Brenda, AZ. There’s an I Love Lucy episode from the 1950s in which Lucy and Desi stop at a motel that is so close to the highway that the lamp on the table rattles so loudly when traffic goes by that they can’t sleep. My motel in the village of Brenda wasn’t that bad, mainly because there were not that many vehicles going by at night.
When the rain came in at 6 p.m, luckily I was inside the Buckaroo Restaurant, a half-mile down the road from the motel. I had hurried back to get inside before the Buckaroo closed at 7. There was neither a restaurant nor a store for ten miles.
It had been a longish day but a satisfying one. I was back on the road after a two-day hiatus and things went well. The day began in Blythe and continued the short distance east to the Colorado River that forms the border with Arizona. Given recent rains there was a considerable flow in the south-flowing river.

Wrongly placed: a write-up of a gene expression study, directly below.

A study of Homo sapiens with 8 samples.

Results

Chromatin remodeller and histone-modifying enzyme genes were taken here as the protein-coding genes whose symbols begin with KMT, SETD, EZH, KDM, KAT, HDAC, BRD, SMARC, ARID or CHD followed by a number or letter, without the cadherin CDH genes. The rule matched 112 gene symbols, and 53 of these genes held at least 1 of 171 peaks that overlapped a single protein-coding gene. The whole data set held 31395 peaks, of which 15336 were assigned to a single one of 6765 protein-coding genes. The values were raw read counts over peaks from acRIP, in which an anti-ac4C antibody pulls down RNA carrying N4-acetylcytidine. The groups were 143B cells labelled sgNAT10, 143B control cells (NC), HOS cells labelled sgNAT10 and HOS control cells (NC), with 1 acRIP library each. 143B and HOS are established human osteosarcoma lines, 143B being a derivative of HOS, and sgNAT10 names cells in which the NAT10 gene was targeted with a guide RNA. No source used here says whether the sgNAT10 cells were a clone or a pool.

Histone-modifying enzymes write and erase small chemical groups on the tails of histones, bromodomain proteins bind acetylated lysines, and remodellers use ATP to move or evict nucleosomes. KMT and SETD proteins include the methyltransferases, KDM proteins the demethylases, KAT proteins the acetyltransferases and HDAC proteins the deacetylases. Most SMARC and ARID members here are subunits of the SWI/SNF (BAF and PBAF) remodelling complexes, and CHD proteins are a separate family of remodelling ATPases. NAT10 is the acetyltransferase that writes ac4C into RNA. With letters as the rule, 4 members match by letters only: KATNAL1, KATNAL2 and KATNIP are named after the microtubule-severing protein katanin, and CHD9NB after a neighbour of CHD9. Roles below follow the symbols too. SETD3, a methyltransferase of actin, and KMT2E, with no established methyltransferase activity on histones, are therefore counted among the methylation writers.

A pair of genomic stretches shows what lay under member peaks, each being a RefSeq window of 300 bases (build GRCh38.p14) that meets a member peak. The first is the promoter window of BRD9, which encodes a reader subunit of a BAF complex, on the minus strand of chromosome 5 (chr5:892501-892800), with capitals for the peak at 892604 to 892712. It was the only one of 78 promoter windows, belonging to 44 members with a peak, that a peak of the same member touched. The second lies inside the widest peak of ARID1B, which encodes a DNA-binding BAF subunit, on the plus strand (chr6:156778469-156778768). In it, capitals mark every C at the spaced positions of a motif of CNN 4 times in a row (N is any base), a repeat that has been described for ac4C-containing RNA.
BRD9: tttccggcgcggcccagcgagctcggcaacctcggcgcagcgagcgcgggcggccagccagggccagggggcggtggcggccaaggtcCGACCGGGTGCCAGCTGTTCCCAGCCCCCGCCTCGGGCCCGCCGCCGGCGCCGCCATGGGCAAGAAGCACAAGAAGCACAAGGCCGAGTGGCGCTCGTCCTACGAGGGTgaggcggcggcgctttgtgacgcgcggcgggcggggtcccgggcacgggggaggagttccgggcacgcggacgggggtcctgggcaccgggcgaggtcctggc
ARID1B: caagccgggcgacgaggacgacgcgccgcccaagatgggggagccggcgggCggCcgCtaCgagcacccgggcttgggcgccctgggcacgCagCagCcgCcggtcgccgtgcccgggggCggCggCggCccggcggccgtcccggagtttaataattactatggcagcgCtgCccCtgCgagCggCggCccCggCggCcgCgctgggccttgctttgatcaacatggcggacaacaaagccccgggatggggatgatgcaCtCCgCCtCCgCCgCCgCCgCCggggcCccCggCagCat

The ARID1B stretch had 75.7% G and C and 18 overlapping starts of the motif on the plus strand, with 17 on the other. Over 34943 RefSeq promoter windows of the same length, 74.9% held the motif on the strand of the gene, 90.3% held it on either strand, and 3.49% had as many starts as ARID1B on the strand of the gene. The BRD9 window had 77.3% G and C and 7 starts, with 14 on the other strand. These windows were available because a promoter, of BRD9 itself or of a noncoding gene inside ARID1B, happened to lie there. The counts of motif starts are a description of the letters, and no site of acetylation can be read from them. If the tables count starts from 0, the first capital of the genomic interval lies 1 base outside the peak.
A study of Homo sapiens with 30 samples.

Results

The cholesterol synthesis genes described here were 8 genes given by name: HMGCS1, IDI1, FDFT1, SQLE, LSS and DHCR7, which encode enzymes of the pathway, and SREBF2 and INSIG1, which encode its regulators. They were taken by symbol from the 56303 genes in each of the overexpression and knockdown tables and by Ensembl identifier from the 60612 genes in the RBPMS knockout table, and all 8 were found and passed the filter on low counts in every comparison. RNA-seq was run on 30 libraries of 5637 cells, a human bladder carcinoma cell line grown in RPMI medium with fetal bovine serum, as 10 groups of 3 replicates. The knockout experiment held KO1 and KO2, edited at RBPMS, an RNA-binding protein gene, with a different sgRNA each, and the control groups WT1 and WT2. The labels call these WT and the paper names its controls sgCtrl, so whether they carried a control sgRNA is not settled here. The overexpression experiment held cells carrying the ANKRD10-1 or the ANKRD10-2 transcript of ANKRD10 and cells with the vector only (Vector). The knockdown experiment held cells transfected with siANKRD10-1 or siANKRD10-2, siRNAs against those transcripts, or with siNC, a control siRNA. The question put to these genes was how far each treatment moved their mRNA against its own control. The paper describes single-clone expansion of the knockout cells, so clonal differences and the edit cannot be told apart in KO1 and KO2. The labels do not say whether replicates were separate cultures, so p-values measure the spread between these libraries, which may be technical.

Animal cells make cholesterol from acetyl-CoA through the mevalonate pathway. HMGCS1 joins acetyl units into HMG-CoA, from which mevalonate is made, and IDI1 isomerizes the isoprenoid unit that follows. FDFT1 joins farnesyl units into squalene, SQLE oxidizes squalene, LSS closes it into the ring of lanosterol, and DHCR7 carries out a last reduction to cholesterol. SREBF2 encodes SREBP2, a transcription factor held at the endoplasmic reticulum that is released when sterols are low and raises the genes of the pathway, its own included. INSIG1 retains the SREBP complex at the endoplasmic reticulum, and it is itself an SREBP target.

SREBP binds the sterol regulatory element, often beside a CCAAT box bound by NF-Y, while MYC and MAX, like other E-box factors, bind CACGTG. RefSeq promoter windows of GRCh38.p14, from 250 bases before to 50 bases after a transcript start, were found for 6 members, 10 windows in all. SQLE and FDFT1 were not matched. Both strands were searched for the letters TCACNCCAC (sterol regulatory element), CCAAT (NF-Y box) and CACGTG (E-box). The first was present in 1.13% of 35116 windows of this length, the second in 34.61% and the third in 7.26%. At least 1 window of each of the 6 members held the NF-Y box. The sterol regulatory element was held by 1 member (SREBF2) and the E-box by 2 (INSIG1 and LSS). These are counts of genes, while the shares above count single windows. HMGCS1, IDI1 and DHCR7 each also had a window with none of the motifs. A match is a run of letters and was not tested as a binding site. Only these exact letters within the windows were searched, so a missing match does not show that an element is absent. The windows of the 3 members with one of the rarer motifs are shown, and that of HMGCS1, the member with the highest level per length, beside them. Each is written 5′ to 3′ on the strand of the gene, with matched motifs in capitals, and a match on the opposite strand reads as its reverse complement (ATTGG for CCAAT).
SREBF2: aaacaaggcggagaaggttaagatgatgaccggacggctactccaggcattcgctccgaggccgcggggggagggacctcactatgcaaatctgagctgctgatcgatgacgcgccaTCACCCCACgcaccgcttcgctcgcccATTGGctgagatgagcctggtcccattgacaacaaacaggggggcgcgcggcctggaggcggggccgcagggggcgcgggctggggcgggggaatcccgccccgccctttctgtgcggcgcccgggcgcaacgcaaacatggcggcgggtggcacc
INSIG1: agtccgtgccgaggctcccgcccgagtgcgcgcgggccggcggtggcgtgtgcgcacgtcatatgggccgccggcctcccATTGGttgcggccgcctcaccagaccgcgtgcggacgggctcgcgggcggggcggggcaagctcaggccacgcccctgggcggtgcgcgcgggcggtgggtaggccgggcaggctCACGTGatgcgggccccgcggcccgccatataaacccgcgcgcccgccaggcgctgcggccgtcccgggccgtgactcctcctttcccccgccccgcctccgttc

I wasn’t sure how far I would get. My first target was Quartzsite, a small town on interstate 10 20 miles from Blythe. Riding along the shoulder of the interstate I took the exit for Quartzsite to get information for what kind of accommodation I might find farther on. As I entered the lobby of the Super 8 motel I was surprised by the sign on its door. It read, “If you’re walking outside the motel be aware that this is the season that snakes wake up and are coming out. If you see one on the motel property, DO NOT BOTHER IT, but report its whereabouts to management.”
Riding on, the wind had dissipated and there was no immediate threat of rain. I continued on on the interstate and took the Adventure Cycling Association route that departed the freeway at exit 31. From there it was only five-miles northeast to Brenda where I spent the night. I was tempted to go on but gave up the idea when I learned there wouldn’t be another motel for 30 miles.
The day ended with six-hours of riding that covered 45-miles.